The Department for Education (DfE) has launched enforcement action against one of England’s most respected Catholic boarding schools, Ampleforth College by preventing it admitting new pupils as a result of “very serious” failings.

The reputation of the 200 year private school in North Yorkshire has been tarred in recent years following the publication of an Independent Inquiry into Child Sexual Abuse (IICSA) critical report in August 2018 that said “appalling sexual abuse [was] inflicted over decades on children as young as seven”.

The Abbot of Ampleforth Abbey, Cuthbert Madden, stepped down from his post in 2016 following allegations that he indecently assaulted pupils. Madden has denied the claims.

The Abbey sits at the heart of the monastic community and the school, is staffed by monks and lay teachers.

At the school, Deirdre Rowe, stood down as acting head in 2019 after 10 months in the role after a highly critical inspection report found that the school did not meet standards for safeguarding, leadership, behaviour, combating bullying and complaints handling.

The government intervened after ruling the institution had failed to meet safeguarding and leadership standards following an emergency Ofsted inspection.

Ampleforth has said it will appeal against the ruling because, it argues, the order is “unjustified and based on incorrect information”.

The letter, which was recently published by the DfE, highlighted concerns from a number of inspection reports from January 2016 onwards.

“The Secretary of State, Gavin Williamson also had regard to the fact that the school is failing to meet the ISS [Independent School Standards], including standards relating to safeguarding and leadership and management, and in his view, these failings are considered to be very serious,” it said.

The letter acknowledged that the school had shown “some willingness” to improve since 2018, but Williamson ruled the school’s progress had been “too slow” and “insufficient”.

The letter added: “The St Laurence Education Trust, the proprietor of Ampleforth college, is required to cease to admit any new students.” In its final review of the church, the IICSA found that between 1970 and 2015, the Catholic church in England and Wales received more than 900 complaints involving more than 3,000 instances of child sexual abuse, made against more than 900 individuals, including priests, monks and volunteers.

When complaints were made, the church invariably failed to support victims and survivors but took action to protect alleged perpetrators by moving them to a different parish. “Child sexual abuse,” the report said, “was swept under the carpet.”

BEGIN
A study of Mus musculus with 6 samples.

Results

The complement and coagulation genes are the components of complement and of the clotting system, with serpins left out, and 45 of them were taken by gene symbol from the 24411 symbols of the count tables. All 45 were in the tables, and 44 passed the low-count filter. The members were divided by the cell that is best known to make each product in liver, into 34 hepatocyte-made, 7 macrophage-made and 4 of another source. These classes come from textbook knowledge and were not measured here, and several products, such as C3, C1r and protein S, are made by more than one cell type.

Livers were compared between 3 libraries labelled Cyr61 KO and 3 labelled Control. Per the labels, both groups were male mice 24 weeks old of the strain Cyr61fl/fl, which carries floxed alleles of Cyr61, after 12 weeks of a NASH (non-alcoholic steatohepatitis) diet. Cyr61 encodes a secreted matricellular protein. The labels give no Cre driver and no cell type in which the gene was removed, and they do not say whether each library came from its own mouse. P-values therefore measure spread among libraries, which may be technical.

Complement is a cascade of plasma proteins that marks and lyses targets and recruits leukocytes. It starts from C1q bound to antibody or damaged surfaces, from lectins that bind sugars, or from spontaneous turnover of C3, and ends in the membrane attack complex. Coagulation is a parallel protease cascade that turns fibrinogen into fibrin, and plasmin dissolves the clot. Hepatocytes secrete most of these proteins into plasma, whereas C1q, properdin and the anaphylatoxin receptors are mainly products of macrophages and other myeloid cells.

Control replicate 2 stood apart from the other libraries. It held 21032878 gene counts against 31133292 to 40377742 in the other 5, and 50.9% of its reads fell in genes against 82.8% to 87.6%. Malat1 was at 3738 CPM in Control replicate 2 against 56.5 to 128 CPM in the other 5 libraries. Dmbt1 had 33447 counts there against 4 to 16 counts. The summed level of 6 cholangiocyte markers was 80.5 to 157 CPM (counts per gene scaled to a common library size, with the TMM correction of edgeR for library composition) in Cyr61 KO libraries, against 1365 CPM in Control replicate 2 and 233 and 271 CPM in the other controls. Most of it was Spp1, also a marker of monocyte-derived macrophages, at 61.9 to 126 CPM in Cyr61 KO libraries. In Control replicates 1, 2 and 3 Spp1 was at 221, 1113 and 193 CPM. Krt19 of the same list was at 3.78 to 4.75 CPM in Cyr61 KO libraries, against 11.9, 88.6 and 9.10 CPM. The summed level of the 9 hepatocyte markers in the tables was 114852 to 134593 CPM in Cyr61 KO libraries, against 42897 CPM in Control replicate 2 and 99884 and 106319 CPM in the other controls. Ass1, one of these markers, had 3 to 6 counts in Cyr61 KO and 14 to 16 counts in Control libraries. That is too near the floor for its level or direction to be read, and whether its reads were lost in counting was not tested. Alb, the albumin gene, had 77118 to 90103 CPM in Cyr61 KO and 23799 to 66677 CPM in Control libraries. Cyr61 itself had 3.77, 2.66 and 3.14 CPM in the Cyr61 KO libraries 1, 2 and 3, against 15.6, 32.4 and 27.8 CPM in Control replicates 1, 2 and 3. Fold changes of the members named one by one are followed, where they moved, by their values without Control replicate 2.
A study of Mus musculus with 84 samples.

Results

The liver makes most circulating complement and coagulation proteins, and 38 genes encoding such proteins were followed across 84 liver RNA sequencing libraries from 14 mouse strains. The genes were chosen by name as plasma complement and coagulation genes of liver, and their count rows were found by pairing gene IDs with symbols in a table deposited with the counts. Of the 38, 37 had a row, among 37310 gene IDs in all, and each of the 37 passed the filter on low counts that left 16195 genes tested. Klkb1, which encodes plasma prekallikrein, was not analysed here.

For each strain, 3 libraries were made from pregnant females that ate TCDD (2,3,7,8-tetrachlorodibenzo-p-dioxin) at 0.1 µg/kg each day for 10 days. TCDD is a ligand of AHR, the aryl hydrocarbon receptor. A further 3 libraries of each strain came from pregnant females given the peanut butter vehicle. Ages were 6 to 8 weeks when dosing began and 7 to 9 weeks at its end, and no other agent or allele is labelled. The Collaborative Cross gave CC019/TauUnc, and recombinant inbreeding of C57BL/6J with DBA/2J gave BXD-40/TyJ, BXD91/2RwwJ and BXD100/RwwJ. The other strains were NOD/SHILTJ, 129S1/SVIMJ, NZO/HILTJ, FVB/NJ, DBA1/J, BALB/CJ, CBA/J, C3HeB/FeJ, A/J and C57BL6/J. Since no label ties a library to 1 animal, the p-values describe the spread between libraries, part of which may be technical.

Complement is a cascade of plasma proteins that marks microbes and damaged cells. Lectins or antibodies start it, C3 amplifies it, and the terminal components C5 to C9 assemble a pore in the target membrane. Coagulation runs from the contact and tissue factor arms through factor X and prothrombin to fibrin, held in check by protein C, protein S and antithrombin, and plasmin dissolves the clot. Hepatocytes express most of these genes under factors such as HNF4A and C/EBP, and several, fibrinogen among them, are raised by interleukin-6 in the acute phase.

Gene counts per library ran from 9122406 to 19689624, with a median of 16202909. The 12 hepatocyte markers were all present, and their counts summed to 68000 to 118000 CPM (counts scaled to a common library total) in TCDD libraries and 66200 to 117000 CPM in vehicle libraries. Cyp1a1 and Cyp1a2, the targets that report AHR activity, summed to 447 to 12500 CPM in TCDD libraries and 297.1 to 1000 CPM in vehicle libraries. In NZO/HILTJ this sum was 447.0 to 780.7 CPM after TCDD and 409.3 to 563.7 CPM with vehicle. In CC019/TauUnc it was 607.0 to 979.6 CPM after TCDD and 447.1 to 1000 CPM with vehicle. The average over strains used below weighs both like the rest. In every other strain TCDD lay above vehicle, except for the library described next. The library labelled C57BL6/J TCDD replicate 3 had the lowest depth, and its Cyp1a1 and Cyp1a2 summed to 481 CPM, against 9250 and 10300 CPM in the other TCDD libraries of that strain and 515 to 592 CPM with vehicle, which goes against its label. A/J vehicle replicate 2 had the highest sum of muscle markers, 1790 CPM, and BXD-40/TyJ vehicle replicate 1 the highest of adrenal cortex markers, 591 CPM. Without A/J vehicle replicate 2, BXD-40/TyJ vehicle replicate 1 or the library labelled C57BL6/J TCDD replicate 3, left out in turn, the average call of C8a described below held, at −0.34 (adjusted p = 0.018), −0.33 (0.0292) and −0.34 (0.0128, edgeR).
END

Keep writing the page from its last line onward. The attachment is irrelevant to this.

Pope Francis asked Cardinal Vincent Nichols, the leader of the Catholic Church in England and Wales, to stay in his post, despite a damning report that criticised his leadership and concluded that the church repeatedly prioritised its reputation over the welfare of child sex abuse victims.

The 162-page report said “the Church’s neglect of the physical, emotional and spiritual wellbeing of children and young people in favour of protecting its reputation was in conflict with its mission of love and care for the innocent and vulnerable.”

Calls for Nichols’s resignation grew in the wake of the publication of the report last month. An anonymous survivor who gave evidence to the Independent Inquiry stated: “Cardinal Nichols is the moral leader of the Catholic church in England and Wales, he has lost all moral authority and must go … This report once again demonstrates that the Catholic church is not a safe place for children.”

David Enright, solicitor who represented 20 of the victims during the Inquiry, said: “The church has had many, many chances to reform and root out child abuse. It has failed. It is with heavy hearts that my clients, many of them devout Catholics, conclude that the only safe course of action is to take safeguarding of children out of the hands of the Catholic church and into the hands of accountable lay professionals.”

A spokesperson for Ampleforth college stated “Given the very considerable steps forward that have been taken by the school to learn from the mistakes of the past and to put in place a robust safeguarding regime, a new senior leadership team, and a new governance structure that has effectively separated the abbey from the college, we cannot understand why this decision has been taken, and we cannot understand why it has been published, given the appeals process is still open to us.”

Here at Farleys, we have acted on numerous cases involving organisations such as the Church of England, the Catholic Church and the Jehovah’s Witnesses. In this type of abuse, priests are in a position of trust, similar to sports coaches, scout leaders and teachers.

If you or someone you know is a survivor of sexual abuse at the hands of a member of a religious institution, we are available to help and assist. Our dedicated team tirelessly supports hundreds of survivors throughout the process, treating every case with the sensitivity, confidentiality and integrity that each deserves.  Contact us on 0845 287 0939 or send us an email and we will call you back.